Petroleos de Venezuela SA has agreed with state-run Vietnam Oil and Gas Group , or PetroVietnam , to join a project to upgrade the country’s sole refinery and to work together in selling refined oil products in the Asian market, the Vietnam News Agency reported Friday.
The PetroVietnam – PDVSA refinery agreement is in line with a string of similar multi-billion-dollar pacts seen elsewhere in energy-hungry Asia, where out-of-region oil producers enter local refining projects to get guaranteed markets for their crude and to cash in on rapidly growing Asian demand for refined products.
PDVSA said Wednesday that it aims by the third quarter of 2012 to pump an initial 50,000 barrels of heavy crude oil a day from a joint venture development with Vietnam of the offshore Junin-2 block in Venezuela, with output climbing to four times that volume two years after that.
It said it is looking to work with PetroVietnam to help expand output at the country’s sole refinery by 100,000 barrels a day.
However, in its report Friday, VNA said output from the two companies’ Petromacareo Junin-2 venture would start in the first quarter of 2012, six months ahead of schedule.
A person with direct knowledge of the refinery plan said that a memorandum of understanding to upgrade Vietnam’s Dung Quat complex was first signed more than a year ago, after PDVSA abandoned a project to build a separate refinery in Vietnam.
PetroVietnam had previously said it plans to raise the capacity of Dung Quat to 200,000 barrels a day from 130,000 barrels a day.
In March, PetroVietnam said that it had signed a MoU with Gazprom Neft (GZPFY) in which the Russian company would consider working with PetroVietnam to upgrade Dung Quat. It isn’t clear if Gazprom will be working side-by-side with PDVSA on upgrading work.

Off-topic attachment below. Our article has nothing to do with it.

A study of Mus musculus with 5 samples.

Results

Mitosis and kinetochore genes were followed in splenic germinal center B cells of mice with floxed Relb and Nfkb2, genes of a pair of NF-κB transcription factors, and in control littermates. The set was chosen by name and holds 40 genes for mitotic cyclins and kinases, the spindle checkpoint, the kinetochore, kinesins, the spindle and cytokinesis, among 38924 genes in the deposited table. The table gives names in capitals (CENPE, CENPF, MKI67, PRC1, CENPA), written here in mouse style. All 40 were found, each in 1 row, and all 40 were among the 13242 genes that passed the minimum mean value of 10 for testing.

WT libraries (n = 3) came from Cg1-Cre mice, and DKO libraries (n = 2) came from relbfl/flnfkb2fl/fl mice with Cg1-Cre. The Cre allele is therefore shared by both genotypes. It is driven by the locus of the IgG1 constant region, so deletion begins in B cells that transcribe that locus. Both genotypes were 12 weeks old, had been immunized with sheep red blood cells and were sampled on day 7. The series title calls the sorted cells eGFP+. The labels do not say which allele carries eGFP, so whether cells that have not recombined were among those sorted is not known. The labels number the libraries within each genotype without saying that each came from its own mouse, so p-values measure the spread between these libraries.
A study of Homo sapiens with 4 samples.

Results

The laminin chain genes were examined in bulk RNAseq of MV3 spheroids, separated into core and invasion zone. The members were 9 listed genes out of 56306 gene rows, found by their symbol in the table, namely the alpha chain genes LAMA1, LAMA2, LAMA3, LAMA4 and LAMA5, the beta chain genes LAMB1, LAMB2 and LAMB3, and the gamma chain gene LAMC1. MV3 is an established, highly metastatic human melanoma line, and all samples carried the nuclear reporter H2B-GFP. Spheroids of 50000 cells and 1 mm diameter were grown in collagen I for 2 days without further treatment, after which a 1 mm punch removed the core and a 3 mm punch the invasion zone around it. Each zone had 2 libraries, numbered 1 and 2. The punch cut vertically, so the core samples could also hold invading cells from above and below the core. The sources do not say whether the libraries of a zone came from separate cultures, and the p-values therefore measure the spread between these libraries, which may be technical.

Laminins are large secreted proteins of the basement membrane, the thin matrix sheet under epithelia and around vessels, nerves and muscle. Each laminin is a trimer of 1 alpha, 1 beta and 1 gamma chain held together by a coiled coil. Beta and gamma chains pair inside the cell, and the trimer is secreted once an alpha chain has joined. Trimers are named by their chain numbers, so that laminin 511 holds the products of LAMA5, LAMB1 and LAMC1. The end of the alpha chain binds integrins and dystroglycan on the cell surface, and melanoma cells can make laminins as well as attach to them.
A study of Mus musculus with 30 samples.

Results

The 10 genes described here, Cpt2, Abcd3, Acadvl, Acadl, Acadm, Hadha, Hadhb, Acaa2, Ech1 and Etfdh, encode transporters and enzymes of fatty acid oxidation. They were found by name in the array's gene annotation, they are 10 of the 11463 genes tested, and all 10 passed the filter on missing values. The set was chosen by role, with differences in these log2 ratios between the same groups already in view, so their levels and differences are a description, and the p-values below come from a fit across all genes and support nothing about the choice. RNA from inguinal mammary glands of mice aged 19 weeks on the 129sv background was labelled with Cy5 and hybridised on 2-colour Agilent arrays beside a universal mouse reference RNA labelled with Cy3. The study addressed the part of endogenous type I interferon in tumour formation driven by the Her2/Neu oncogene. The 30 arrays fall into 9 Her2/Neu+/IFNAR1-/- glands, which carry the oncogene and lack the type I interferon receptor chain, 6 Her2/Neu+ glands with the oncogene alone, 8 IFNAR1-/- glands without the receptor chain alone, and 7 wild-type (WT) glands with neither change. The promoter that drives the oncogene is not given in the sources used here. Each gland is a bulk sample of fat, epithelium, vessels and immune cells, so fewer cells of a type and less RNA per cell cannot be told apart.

Officials at PetroVietnam and PDVSA weren’t immediately able to be reached for comment.
Among other deals signed in Caracas this week was one for PetroVietnam to work with PDVSA in distributing oil products in Asia, VNA said. It isn’t clear whether this will involved selling refined oil processed in Vietnam to buyers elsewhere in Asia.
Vietnam needs to import a large part of the fuel it uses, and is planning a rapid build up of its refining sector to cut its need for costly imports.
However, it will need foreign oil to do this, as Vietnam’s domestic output of crude is far below required levels. PetroVietnam is aiming to produce around 300,000 barrels a day of crude this year, the same as in 2010.
Apart from expanding Dung Quat, two other refineries, each with a capacity of about 200,000 barrels a day are planned, with output starting some time after 2014.
The first is the Nghi Son refinery, to be built in Thanh Hoa province, 170 kilometers south of Hanoi, to be followed by the Long Son refinery in the southern province of Ba Ria Vung Tau.
When operational, Nghi Son and Dung Quat will together be able to meet 50% of Vietnam’s oil products needs, state media cited PetroVietnam chairman Dinh La Thang as saying earlier this year.
Vietnam’s spot imports of gasoline and gasoil in the volatile Asian market fell gradually last year as Dung Quat ramped up capacity.
But frequent operational issues with Dung Quat have forced state-run Vietnam National Petroleum Corp ., or Petrolimex, to keep importing spot cargoes of products like gasoline, gasoil, fuel oil and kerosene to supplement long-term supply agreements.
Following a recent 10-day outage at Dung Quat, Petrolimex sought nearly 600,000 tons of oil products from the spot market for its second quarter ahead of a major two-month shutdown of the refinery starting in July.
Apart from its Vietnam project, PDVSA is in long-running talks to build a large refinery in southern China, with China National Petroleum Corp ., following in the footsteps of other oil producers.
In March, Kuwait Petroleum International finalized a pact with China Petroleum & Chemical Corp . (SNP), also known as Sinopec, to build a $8.8 billion, 300,000-barrel-a-day refinery and a petrochemicals complex in the same region of southern China.
The Kuwaiti company is still negotiating a side deal to sell some of the output in the Chinese market under its Q8 filling station brand.
Similarly, oil exporters Russia and Saudi Arabia have also entered joint-venture refinery projects in China to allow them to move up the oil value chain.
Indonesia, likewise, has been talking to Iran, Kuwait and other suppliers about building a large refinery in Java.